The judge cited problems with the statute, saying it was aimed at newsgathering activities protected by the First Amendment, and lawmakers should have increased penalties for reckless driving rather than target those who photograph celebrities.
City prosecutors said they would appeal the judge's ruling.
The law was prompted by the experiences of Jennifer Aniston, who provided details to a lawmaker about being unable to drive away after she was surrounded by paparazzi on Pacific Coast Highway.
On Tuesday, a friend of Bieber's was behind the wheel of the Ferrari when a California Highway Patrol officer pulled it over for speeding along Interstate 405, authorities said.
The driver, whose name was not released, was given a verbal warning and wasn't ticketed, CHP Officer Vince Ramirez said Thursday.
"This photographer evidently had been following the white Ferrari" and when it was pulled over after sundown he stopped, parked and crossed the street to snap photos, Los Angeles police Detective Charles Walton said.
The photographer stood on a low freeway railing to shoot photographs of the traffic stop over a chain-link fence, authorities said.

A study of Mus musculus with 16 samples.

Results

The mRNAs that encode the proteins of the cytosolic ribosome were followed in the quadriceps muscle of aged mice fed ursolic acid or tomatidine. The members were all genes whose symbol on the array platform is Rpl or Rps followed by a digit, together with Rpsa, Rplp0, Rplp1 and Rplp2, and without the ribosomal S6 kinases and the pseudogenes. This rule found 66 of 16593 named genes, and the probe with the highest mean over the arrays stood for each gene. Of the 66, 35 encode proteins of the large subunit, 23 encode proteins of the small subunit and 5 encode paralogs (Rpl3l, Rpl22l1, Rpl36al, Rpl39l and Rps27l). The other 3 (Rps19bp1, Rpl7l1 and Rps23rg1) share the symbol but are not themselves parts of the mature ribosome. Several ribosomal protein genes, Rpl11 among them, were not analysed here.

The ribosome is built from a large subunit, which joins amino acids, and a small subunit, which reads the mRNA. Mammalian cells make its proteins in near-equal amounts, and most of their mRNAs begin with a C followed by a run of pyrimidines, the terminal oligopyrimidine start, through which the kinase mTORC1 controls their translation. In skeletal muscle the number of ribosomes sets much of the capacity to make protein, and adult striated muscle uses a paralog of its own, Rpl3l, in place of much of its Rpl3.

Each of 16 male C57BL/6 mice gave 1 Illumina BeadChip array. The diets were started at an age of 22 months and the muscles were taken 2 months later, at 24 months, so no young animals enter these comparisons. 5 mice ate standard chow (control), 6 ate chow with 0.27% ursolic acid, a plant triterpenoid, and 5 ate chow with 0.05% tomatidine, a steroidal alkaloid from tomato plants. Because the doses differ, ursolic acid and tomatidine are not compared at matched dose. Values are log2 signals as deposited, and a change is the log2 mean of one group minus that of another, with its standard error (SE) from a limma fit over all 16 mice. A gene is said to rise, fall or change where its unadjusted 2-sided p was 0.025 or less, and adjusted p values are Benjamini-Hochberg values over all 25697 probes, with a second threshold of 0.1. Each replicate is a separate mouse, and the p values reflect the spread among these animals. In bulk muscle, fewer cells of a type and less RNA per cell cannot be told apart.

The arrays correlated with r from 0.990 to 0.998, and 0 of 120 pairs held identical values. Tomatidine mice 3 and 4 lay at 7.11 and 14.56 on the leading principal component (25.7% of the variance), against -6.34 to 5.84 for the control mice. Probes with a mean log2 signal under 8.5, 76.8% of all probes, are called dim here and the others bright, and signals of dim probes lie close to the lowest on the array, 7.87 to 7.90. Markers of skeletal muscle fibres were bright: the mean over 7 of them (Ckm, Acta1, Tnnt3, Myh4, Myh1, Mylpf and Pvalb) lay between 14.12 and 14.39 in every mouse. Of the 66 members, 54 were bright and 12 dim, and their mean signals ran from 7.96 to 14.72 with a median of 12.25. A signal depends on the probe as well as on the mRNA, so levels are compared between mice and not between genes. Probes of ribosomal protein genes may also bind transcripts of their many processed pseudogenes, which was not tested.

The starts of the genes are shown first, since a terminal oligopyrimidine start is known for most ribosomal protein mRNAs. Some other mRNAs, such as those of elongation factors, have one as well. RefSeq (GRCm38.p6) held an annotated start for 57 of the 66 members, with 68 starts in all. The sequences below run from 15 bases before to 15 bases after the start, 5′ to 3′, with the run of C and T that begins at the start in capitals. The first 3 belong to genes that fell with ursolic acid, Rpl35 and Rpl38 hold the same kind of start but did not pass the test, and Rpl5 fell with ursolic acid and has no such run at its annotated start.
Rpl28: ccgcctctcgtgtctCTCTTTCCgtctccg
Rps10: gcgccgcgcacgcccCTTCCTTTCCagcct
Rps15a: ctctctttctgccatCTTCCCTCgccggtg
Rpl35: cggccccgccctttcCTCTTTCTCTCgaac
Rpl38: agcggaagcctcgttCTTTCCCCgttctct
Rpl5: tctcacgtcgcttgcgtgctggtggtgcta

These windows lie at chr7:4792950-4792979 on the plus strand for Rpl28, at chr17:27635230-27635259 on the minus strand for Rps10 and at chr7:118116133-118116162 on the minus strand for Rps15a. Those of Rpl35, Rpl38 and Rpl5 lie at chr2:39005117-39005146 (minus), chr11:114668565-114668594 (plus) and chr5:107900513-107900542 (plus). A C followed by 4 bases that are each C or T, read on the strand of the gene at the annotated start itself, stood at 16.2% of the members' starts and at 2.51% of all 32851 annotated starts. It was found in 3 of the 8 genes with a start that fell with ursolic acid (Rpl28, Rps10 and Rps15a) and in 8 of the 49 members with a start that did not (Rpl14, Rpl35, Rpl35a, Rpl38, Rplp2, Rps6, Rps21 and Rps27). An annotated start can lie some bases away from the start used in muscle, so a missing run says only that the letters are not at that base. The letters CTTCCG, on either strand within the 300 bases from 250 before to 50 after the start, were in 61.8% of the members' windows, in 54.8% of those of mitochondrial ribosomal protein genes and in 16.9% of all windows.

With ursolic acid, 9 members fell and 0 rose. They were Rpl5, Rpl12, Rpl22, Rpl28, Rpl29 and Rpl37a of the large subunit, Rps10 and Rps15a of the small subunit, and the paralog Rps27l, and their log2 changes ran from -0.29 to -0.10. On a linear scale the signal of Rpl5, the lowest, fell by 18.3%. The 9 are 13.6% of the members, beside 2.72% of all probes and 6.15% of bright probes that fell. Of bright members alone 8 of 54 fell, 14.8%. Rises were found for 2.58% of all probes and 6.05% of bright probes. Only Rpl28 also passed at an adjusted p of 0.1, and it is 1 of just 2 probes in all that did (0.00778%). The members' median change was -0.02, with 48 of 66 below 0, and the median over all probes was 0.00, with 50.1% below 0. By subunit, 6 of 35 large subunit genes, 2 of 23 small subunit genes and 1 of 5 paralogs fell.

"The CHP officer told him numerous times that it wasn't safe for him to be there and to return to his vehicle," Walton said.
There were no sidewalks or pedestrian crossings along the street where the photographer had parked, so the driver of the car that struck him had no reason to expect a pedestrian, Walton said of the accident.
"It would have been very difficult for her to see him," the detective said.
It wasn't immediately clear how fast the motorist, a 69-year-old woman, was traveling, but she was not believe to be at fault and was unlikely to be cited, police said.
Harrison said he routinely tells his photographers to be safe when they are working.
"In any job you have to exercise a degree of common sense and caution," he said.
Harrison hopes celebrities and paparazzi examine their actions to ensure a similar event doesn't happen again. No photo is worth someone's life, he said.
"Everybody wants to be the first one to get that shot, get that scoop," Harrison said. "But at the end of the day, you can't spend money if you are dead."
Associated Press writer Robert Jablon contributed to this report.